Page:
Tiger meat on the menu
Cambridge, UK, 23 April 2007—An international coalition of conservation groups is calling on the Chinese government to open an immediate investigation into China’s largest tiger farm after a Beijing-based news team revealed it has proof the farm’s restaurant serves tiger meat.
Laboratory testing in China of the DNA of meat served to Independent Television News (ITN) staff in February at Xiongsen Bear and Tiger Mountain Village near Guilin, China, proved it came from a tiger. The businessman owner of the farm has denied the claim.
Last week, the farm’s owner was among a group of Chinese delegates attending the International Tiger Symposium in Kathmandu, Nepal, where tiger experts and government delegates discussed ways to protect wild tigers. A China State Forestry Administration official, assured the meeting the burgeoning tiger farms in China were operating within the law.
“China should take action to investigate this report. It’s outrageous and shocking to think that one of the world’s most endangered animals could be served as a trendy dinner right under the noses of Chinese authorities,” said Prasanna S. Yonzon of Wildlife Conservation Nepal.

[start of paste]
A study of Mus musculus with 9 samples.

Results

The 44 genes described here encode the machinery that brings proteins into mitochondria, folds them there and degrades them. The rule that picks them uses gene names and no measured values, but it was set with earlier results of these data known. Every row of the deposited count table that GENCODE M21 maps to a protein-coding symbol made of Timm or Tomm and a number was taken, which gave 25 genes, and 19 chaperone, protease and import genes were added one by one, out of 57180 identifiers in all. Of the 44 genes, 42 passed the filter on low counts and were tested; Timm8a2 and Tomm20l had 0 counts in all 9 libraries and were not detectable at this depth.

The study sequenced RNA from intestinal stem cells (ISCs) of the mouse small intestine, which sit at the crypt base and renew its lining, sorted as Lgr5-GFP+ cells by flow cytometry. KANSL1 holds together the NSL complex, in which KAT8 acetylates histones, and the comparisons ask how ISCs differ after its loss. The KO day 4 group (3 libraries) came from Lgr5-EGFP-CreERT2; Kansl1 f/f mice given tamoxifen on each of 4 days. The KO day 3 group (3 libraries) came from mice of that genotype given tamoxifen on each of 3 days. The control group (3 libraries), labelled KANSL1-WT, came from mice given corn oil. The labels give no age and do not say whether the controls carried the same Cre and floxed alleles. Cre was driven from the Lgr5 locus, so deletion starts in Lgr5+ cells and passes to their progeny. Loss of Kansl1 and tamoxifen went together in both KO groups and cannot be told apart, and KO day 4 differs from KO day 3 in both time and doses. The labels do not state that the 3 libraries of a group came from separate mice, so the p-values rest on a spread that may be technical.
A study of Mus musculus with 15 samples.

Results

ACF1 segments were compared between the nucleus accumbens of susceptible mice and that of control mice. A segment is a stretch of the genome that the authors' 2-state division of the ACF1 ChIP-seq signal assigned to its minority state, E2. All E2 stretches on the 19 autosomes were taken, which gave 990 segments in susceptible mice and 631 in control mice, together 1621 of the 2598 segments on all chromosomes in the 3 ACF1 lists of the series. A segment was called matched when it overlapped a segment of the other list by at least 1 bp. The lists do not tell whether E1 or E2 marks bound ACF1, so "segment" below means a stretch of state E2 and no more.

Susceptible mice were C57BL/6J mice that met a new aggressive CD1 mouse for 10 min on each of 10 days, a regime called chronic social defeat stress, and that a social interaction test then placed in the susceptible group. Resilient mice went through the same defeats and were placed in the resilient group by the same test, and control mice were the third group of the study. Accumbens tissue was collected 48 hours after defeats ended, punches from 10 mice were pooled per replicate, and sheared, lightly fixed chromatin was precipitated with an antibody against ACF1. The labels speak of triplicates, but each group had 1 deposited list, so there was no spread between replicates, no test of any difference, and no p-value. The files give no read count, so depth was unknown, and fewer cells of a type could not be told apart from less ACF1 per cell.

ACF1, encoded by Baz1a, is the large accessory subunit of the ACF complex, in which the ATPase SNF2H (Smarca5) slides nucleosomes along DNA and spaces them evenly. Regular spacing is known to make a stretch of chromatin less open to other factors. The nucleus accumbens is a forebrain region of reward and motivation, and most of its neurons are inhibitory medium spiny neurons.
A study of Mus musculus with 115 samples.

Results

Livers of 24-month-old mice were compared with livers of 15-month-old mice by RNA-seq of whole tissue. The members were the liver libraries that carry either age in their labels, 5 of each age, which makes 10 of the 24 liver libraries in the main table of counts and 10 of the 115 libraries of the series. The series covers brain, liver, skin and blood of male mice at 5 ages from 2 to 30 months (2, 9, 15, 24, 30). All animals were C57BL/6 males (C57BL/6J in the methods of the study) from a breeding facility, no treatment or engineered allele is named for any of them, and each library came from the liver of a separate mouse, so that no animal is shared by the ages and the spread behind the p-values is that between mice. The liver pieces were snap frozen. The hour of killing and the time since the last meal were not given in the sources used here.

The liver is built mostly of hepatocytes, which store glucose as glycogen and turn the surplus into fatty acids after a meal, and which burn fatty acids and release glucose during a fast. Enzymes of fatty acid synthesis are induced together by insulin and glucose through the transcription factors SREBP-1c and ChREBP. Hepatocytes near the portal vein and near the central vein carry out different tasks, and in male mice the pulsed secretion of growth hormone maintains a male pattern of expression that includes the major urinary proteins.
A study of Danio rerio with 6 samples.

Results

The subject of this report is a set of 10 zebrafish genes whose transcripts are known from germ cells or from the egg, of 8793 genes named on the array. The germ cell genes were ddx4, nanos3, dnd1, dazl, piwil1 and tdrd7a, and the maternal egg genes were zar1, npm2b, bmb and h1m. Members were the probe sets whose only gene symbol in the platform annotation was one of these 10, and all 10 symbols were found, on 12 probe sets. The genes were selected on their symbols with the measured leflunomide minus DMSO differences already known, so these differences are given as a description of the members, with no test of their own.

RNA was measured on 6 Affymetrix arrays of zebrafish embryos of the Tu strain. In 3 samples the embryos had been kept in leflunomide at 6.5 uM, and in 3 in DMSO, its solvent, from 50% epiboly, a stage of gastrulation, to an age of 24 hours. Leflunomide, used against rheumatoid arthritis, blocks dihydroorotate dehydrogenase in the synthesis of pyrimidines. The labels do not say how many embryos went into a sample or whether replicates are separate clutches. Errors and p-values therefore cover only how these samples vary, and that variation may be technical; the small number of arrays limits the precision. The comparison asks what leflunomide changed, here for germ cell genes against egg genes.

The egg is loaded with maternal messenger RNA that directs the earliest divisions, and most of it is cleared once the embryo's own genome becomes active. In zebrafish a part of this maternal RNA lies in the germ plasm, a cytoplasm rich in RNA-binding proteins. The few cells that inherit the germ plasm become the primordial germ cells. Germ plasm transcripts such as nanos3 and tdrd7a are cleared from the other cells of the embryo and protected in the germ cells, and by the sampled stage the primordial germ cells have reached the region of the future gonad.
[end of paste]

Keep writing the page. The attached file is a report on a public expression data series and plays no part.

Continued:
“It proves what we’ve said all along: tiger farms in China have nothing to do with conservation and everything to do with making money.”
More than 4,000 captive-bred tigers are housed on China’s tiger farms, several of which have breweries attached making what they claim is “lion-bone” wine, although it is sold in tiger-shaped bottles and openly promoted as containing tiger bone. The wealthy farm owners are putting pressure on China to lift its 14-year ban on trade in tiger products.
“Any lifting of China’s ban on tiger parts would lead to an increase in demand for these products, which in turn would result in more poaching of wild tiger populations,” said Steven Broad, Executive Director of TRAFFIC. “The resumption of this trade would be highly damaging to China’s wild tiger conservation efforts and the international reputation of the country.”